The legal part of the listing is the address/name of site only. All other information in the record is not statutory.

CASTLEMILKReference: LB16888

Status: Designated


  • Date Added: 03/08/1971


  • Local Authority: Dumfries And Galloway
  • Planning Authority: Dumfries And Galloway
  • Parish: St Mungo

National Grid Reference

  • NGRNY 14937 77471
  • Coordinates314937, 577471


David Bryce architect. Dated 1865. Large Scots Baronial

mansion, mostly 2/3 storeys; with circular turrets,

corbelled bartizans pedimented dormer heads, crow-stepped

gables and coped stacks. Stugged and snecked ashlar with

polished dressings and roll-mouldings; finialled slate roofs,

conical roofs with lead figures 3-storey Castle Fraser-style

tower with castellated porch-cochere to E fronting balustraded

tall circular turret with bell-cast cap house; Courtyard formed

by L-plan Crathes-style S range, mullioned and transomed turret

in re-entrant angle. Mullioned conservatory at S re-modelled to

form dining room. Extensive U-plan coach house and offices to NE

linked by archway. Garden balustrade to W of house. INTERIOR:

extremely rich and well-executed neo-Jacobean decoration to halls

and to principal rooms; extensive oak panelling and ceiling

plasterwork: some sensitive alterations (eg. in morning room)

early 20th century, possibly by Scott Morton: fine oak stair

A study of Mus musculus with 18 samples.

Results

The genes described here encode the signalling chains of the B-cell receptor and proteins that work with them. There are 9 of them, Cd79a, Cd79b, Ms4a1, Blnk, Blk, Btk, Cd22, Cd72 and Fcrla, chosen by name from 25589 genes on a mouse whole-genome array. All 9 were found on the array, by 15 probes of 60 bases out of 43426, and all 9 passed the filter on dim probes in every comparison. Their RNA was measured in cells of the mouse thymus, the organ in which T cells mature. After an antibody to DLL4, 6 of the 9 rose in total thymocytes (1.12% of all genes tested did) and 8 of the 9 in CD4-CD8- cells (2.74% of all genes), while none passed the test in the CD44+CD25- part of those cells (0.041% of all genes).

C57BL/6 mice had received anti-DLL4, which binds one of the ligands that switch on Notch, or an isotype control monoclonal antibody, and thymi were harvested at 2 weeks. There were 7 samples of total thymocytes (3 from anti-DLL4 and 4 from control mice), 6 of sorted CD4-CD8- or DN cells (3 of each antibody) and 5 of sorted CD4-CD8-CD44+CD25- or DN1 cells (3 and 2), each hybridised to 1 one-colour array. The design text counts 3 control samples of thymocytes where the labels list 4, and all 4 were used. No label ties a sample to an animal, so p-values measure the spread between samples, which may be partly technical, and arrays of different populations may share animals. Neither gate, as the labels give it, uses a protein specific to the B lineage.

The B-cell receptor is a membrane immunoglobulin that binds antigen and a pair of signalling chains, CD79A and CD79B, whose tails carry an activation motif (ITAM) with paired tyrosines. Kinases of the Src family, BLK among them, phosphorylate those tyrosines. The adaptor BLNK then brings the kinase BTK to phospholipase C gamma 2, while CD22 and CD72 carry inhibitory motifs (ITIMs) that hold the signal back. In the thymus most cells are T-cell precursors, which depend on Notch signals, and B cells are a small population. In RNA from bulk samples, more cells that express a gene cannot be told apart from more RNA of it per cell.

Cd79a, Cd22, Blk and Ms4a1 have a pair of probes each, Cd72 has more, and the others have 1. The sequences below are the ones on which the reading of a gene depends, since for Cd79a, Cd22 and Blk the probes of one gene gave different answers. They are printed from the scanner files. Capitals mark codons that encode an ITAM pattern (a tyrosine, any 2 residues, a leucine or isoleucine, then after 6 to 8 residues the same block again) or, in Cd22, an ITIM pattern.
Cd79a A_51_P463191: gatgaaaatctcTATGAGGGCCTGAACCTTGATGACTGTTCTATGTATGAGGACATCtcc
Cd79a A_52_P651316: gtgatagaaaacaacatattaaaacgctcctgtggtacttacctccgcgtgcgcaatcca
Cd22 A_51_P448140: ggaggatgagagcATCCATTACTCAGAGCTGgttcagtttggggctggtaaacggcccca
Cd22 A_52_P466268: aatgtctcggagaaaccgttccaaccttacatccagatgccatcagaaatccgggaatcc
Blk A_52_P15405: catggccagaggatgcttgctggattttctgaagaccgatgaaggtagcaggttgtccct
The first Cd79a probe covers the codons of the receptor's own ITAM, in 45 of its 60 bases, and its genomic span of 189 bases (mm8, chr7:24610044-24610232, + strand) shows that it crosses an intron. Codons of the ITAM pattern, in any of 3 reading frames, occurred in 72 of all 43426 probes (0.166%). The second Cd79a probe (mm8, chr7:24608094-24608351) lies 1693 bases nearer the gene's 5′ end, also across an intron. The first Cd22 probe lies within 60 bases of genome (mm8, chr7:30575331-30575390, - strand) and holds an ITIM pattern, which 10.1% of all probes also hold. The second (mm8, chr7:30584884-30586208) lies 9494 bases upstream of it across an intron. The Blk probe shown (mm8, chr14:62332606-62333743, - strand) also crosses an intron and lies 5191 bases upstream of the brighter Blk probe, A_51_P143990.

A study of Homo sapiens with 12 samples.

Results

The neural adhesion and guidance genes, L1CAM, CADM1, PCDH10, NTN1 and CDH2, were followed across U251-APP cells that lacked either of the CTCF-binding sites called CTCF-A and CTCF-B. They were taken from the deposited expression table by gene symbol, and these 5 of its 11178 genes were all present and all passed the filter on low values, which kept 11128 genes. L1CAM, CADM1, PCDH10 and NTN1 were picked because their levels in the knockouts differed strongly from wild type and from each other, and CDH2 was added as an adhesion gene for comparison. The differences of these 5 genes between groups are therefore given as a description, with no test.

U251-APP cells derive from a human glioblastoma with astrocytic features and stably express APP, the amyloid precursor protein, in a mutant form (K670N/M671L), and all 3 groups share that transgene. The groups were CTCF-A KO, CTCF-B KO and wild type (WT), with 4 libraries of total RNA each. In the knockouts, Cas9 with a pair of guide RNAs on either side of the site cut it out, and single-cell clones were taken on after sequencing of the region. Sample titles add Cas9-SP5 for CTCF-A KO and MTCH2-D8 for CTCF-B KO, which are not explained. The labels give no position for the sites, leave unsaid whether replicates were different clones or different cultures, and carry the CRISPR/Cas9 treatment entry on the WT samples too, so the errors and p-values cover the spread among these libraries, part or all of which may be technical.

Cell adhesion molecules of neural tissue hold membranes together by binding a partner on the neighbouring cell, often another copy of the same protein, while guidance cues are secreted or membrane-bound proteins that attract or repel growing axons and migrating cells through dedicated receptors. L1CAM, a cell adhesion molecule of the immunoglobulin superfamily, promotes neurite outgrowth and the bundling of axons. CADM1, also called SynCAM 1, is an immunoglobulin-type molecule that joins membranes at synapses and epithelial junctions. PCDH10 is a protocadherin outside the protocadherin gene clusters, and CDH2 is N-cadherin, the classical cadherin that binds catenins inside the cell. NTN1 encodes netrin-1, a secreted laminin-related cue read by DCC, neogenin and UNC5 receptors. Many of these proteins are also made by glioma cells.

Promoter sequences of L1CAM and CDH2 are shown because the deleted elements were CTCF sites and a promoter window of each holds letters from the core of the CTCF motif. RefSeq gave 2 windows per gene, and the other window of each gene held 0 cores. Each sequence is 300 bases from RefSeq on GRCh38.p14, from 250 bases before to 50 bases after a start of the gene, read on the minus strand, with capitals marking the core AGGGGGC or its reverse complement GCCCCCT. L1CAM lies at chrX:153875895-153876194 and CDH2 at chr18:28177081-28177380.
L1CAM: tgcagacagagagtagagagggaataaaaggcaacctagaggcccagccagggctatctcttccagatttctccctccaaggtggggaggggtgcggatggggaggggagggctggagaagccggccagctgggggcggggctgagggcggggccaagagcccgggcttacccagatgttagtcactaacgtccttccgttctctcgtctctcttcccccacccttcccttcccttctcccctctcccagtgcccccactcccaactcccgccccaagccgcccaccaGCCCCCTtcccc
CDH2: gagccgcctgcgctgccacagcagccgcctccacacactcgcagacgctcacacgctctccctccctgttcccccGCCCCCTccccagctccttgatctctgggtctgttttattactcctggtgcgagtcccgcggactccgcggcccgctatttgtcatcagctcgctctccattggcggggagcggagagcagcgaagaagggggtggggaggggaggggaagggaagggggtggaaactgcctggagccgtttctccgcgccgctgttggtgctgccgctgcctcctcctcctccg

(arcaded balustrading with wrought-iron enrichment) approached

through square-columned screen: marble and oak chimney pieces

Statement of Special Interest

Designed 1862-3; built 1864-6 for R Jardine of Castlemilk and


One of Bryce's largest houses, the largest to survive

complete, with perhaps his finest interior.



A Rowan in COUNTRY LIFE, 1977; pub;

University of Edinburgh MR DAVID BRYCE, 1976 (exhibition


About Designations

Listed Buildings

We list buildings of special architectural or historic interest and these are selected according to criteria published in the, Annex 2, pp74-76.

The information in the listed building record gives an indication of the special architectural or historic interest of the listed building(s). It is not a definitive historical account or a complete description of the building(s). The format of the listed building record has changed over time. Earlier records may be brief and some information will not have been recorded.

Enquiries relating to works to listed buildings should be made to the local authority in the first instance. Listed building consent is required for works which a local authority considers will affect its character as a building of special architectural or historic interest and local authorities also decide if listed building consent is required.

Listing covers both the exterior and the interior. Listing can cover structures not mentioned which are part of the curtilage of the building, such as boundary walls, gates, gatepiers, ancillary buildings etc. The local authority is responsible for advising on what is covered by the listing including the curtilage of a listed building. For information about curtilage see

Legislation introduced on 1 October 2015 allows us to state that: an object or structure fixed to the listed building; any object or structure within the curtilage of the listed building; and, any part or feature of the listed building that is not of architectural or historic interest may be excluded from a listing. If part of your building is not listed under the new legislation, the part will be excluded in the statutory address and in the statement of special interest. The statement will use the word 'excluding' and quote the relevant section of the Historic Environment Scotland Act 2014. Some earlier listed building records may use the word 'excluding', but if the Act is not quoted, the record has not been revised to reflect current legislation.